Thursday, April 24, 2014

Let Us Continue...

Last week we took a peek under the hood of Sugar 7 to learn about the location of some of its un-minified JavaScript code. Today, we will continue that discussion, except we will focus on core components of the Sidecar technology that makes up the new MVC client in Sugar 7.

Before we proceed, it is worth noting that Sidecar is a combination of open source JavaScript libraries, including jQuery, Backbone and Underscore, among others. Thus, when we talk about Sidecar, what we are really talking about is the consolidated result of these technologies. 

Bearing that in mind, the article referenced at the top of this post speaks to code relating to customizations that we can apply to change a portion of the MVC client. Another portion of that same client adds some magic behind the scenes to tie together the actions occurring on the interface with the backend.

Although we would not be modifying this code, it is worth studying it as it provides us some really good insights into the manner in which the Sidecar technology implements the Sugar object model and framework. But as with the previous post, this task is far easier to accomplish if we have access to the un-minified sources.

Below is a listing of files you should find helpful in your continued learning about Sugar 7 and Sidecar:

Sugar Object
Un-minified Source Folder
ACL, Controller, Metadata, User
SugarBean, Validations 
Data Formatting, Logger
Handlebars Helpers, Views, Alerts

Give those folders a look and share any gems you find within the comments.

Monday, April 14, 2014

The Issue of Legibility

Those of you that have been working with Sugar 7 have likely already noted that much of the JavaScript code utilized is minified. While that is a nifty trick to squeeze out some more performance, it makes code very difficult to read, such as the snippet inserted below:

({inlineEditMode:false,createMode:false,plugins:['SugarLogic','ErrorDecoration','GridBuilder','Editable','Audit','FindDuplicates','ToggleMoreLess'],enableHeaderButtons:true,enableHeaderPane:true,events:{'click .record-edit-link-wrapper':'handleEdit','click a[name=cancel_button]':'cancelClicked','click [data-action=scroll]':'paginateRecord','click .record-panel-header':'togglePanel','click .tab a':'setActiveTab'},buttons:null...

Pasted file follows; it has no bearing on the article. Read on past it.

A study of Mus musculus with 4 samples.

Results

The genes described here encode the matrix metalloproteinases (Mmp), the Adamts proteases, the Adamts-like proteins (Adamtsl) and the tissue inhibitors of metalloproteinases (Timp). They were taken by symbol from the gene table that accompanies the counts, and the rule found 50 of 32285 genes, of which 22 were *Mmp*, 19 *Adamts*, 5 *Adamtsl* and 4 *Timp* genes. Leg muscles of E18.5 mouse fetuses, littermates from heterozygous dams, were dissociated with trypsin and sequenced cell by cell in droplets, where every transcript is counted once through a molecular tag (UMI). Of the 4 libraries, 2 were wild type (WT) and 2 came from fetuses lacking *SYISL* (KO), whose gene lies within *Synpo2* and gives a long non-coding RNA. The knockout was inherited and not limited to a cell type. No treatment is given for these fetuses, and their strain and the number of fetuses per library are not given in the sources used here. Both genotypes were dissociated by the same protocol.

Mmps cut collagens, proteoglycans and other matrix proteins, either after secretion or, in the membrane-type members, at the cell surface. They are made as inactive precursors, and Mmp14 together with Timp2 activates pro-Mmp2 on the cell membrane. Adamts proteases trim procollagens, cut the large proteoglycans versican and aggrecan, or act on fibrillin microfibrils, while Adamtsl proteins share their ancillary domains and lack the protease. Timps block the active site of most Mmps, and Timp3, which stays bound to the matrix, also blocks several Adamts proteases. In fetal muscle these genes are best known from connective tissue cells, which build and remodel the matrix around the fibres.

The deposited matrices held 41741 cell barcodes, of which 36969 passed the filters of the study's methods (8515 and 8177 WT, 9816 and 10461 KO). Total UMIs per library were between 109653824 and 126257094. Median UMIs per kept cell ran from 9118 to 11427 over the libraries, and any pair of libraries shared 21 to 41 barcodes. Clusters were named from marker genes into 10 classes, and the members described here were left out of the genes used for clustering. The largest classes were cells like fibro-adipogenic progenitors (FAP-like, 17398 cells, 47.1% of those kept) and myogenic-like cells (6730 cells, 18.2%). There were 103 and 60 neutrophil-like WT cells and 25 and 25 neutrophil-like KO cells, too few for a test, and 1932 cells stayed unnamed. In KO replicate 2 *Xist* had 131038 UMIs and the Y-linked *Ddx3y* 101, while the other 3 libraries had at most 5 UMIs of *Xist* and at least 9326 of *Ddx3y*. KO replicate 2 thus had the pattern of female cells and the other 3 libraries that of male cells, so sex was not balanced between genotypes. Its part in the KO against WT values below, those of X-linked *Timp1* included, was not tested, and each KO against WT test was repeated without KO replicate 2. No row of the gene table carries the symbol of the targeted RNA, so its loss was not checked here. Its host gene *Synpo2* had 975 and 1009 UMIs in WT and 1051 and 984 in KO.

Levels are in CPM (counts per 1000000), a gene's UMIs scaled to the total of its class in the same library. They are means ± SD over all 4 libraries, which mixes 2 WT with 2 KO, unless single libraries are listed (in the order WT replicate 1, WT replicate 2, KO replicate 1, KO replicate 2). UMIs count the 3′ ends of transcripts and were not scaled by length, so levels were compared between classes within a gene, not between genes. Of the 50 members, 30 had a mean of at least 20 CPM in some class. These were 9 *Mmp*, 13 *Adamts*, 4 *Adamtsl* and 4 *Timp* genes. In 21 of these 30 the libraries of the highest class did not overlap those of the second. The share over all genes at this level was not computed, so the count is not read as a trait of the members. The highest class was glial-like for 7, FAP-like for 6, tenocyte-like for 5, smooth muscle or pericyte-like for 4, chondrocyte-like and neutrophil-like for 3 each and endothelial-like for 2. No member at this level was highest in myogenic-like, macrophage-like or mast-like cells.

From the standpoint of a consultant, and one in charge of applying code level modifications to a given Sugar instance, having to unravel code like this in order to work on a customization is a bit of a nightmare. One is also put in a situation in which one has to rely on the use of JavaScript beautifiers and similar tools to display the code in a more legible manner. 

No need to worry, however. Legible versions of the JavaScript code that Sugar utilizes and in turn, minifies, are easily accessible, thus simplifying our work. The table below gives us a listing of the various file locations that might be of interest to developers:

Minified Files
Un-minified Source

In future posts we will take a closer look at other aspects of the file system that are equally important.

Have fun exploring!

Tuesday, April 1, 2014

SugarCRM Cookbook: Retrieving User Roles

One of the challenges relating to the adoption of any new technology is understanding the manner in which one accomplishes equivalent tasks based on our experience with previous versions of the same technology. Sugar 7 is no exception to this rule, and this challenge is perhaps its biggest within the development community.

With that in mind, lets talk about a recent situation I came across that very much speaks to this point. In short, in the course of talking about the 7.x technology, the question arose of how one would go about retrieving a list of Roles assigned to a given user. Because we have to do this through a JavaScript based controller, techniques we might have used in the past are no longer applicable.

For the purposes of our example we will assume that we wish to retrieve the list of Roles assigned to the currently logged in user, in turn allowing us to see some details about the manner in which we interact with the current user, also a common need and one that also differs greatly. 

The following Gist will allow us to retrieve the Roles:

NOTE: Roles are only accessible to Admin level users and as such, the above code would only function if executed by a user with Admin privileges. In turn, it would also be best to specify a particular user ID rather than relying on the current user.